Clark County firefighters would take reductions in pay and benefits under a tentative agreement that would save the county $4.2 million a year to help offset a hefty budget shortfall.
The 741 firefighters covered by the contract would take a 1.5 percent pay cut, lose a vacation and a sick day, and have longevity pay frozen at current levels. Also, the first-year wage for rookie firefighters would be lowered by 5 percent. The terms cover the one-year contract from July 1 to July 2012.
The concessions would be on top of the reductions in firefighters' pay and benefits that the county won in arbitration, for a total savings of $13.3 million yearly.
County commissioners and firefighters now must ratify the contract.
"The union was cooperative," Assistant County Manager Ed Finger said. "They realized the financial condition we were in."
The tentative deal was reached in about two months, the speediest negotiations in recent memory, county officials said.
That's in contrast to the last round of bargaining, which dragged on for most of a year before going to arbitration. The arbitrator ruled in the county's favor in January, resulting in a 2 percent pay cut, no wage increases, a rollback in long-term disability benefits and a tougher sick-leave policy.
The $4.2 million in new concessions could save 45 jobs, Finger estimated.
County officials had planned to slash 200 jobs, which would include 83 layoffs, to decrease a $100 million budget gap to $50 million. The remaining hole would be filled with money from a reserve fund.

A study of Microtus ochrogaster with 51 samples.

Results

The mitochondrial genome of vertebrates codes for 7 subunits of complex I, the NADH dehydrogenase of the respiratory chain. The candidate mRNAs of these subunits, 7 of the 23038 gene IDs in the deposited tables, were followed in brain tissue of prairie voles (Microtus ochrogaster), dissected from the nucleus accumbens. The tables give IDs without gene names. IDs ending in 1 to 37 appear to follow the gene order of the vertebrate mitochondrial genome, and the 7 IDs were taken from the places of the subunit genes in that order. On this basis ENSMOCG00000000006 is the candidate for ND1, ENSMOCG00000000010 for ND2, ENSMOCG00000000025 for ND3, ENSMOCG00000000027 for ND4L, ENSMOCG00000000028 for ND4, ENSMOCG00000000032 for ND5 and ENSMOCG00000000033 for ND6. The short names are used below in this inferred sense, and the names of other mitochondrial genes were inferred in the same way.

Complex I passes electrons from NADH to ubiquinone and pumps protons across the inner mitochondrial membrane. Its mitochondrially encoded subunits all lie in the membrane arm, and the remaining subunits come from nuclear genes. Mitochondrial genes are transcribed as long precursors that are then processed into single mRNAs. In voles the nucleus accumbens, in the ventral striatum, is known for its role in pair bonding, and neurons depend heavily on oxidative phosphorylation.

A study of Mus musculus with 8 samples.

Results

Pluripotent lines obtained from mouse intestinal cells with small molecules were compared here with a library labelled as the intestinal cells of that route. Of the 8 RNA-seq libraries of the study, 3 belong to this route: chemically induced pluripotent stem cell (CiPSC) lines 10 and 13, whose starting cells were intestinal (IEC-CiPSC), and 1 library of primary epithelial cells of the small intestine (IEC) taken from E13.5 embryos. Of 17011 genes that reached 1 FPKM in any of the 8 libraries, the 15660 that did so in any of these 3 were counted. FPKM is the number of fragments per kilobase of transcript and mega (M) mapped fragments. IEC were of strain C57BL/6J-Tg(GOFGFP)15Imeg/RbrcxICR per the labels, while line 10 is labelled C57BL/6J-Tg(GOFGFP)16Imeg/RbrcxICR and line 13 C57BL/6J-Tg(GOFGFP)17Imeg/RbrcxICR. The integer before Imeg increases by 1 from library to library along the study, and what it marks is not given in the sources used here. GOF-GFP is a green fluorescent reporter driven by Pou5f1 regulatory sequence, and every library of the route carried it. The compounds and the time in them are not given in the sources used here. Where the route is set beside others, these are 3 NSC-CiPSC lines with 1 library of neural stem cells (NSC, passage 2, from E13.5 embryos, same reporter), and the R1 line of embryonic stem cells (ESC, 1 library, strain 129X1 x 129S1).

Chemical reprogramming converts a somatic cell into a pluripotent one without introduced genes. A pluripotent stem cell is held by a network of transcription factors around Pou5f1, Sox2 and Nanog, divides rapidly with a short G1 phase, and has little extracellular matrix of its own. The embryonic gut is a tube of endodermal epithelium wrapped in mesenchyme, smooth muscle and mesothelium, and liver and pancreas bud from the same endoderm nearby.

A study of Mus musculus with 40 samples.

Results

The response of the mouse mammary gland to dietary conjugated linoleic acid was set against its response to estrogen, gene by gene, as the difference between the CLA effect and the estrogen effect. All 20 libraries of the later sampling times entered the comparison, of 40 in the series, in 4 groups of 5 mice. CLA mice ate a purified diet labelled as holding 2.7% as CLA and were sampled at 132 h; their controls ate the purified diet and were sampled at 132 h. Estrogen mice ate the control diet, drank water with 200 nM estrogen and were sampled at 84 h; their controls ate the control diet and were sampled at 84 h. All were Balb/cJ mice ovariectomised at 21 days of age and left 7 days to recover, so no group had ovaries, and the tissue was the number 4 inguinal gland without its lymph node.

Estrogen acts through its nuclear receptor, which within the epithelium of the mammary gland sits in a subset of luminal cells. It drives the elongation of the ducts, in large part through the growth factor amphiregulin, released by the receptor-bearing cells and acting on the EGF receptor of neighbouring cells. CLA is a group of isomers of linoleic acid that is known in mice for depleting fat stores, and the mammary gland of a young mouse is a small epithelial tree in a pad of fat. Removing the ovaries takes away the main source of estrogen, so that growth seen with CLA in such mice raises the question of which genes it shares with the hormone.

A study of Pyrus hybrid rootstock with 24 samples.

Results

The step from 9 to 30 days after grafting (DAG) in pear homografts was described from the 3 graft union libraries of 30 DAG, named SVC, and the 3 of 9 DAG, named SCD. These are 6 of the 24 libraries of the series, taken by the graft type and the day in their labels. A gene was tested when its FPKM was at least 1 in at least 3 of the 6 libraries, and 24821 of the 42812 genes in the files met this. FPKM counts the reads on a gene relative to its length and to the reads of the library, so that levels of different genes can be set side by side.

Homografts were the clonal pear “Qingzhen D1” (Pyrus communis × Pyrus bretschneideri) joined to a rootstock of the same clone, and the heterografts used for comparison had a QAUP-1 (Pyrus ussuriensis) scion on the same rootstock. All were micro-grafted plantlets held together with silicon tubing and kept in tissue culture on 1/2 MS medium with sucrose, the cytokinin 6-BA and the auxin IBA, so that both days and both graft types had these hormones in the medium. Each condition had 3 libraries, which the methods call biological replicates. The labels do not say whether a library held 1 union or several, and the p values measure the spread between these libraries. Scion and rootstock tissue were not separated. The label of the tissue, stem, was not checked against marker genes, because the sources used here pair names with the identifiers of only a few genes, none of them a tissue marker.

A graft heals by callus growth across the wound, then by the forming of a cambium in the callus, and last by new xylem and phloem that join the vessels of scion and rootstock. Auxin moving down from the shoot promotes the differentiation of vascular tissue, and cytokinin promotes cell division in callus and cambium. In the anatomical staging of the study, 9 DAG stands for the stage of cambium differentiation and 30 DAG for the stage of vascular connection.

"We face the same financial challenges as any other city or county government," said Ryan Beaman, president of the International Association of Firefighters Local 1908, in a statement. "Both sides had a common interest. We were able to have meaningful and productive discussions to get this done."
Beaman insisted that publicity about the recent arbitration and the current probe by the police and FBI into possible sick leave abuse did not drive the speedy agreement.
County firefighters average $180,000 yearly in wages and benefits, compared with $80,000 for county workers in the Service Employees International Union, the county's largest union.
Commissioner Steve Sisolak, a critic of firefighters' compensation, declined to comment about the tentative pact, saying he hadn't had a chance to look at it.
Commissioner Tom Collins mostly praised the agreement.
"I was very excited to hear that Ryan Beaman has taken a turn and decided to cooperate with the county," Collins said.
However, he said he was "very disappointed" that the current method of longevity will remain for those with at least eight years. Firefighters still will receive the pay as a percentage of their wage rather than a flat sum for each year served, Collins said, calling that unfair.
Other concessions include eliminating premium pay for fire investigators and no longer counting firefighters' "remote pay" at places such as Laughlin toward pensions.
New hires will receive bonus pay instead of bonus leave for taking five or fewer sick days per year. Cutting these extra days off will save about $400,000 in overtime because co-workers won't have to fill in, Finger said.
The county is bargaining with battalion chiefs for a separate contract that expires in July.
"We're having productive negotiations," Finger said. "I hope to have a resolution in the near future."
Contact reporter Scott Wyland at swyland@review journal.com or 702-455-4519.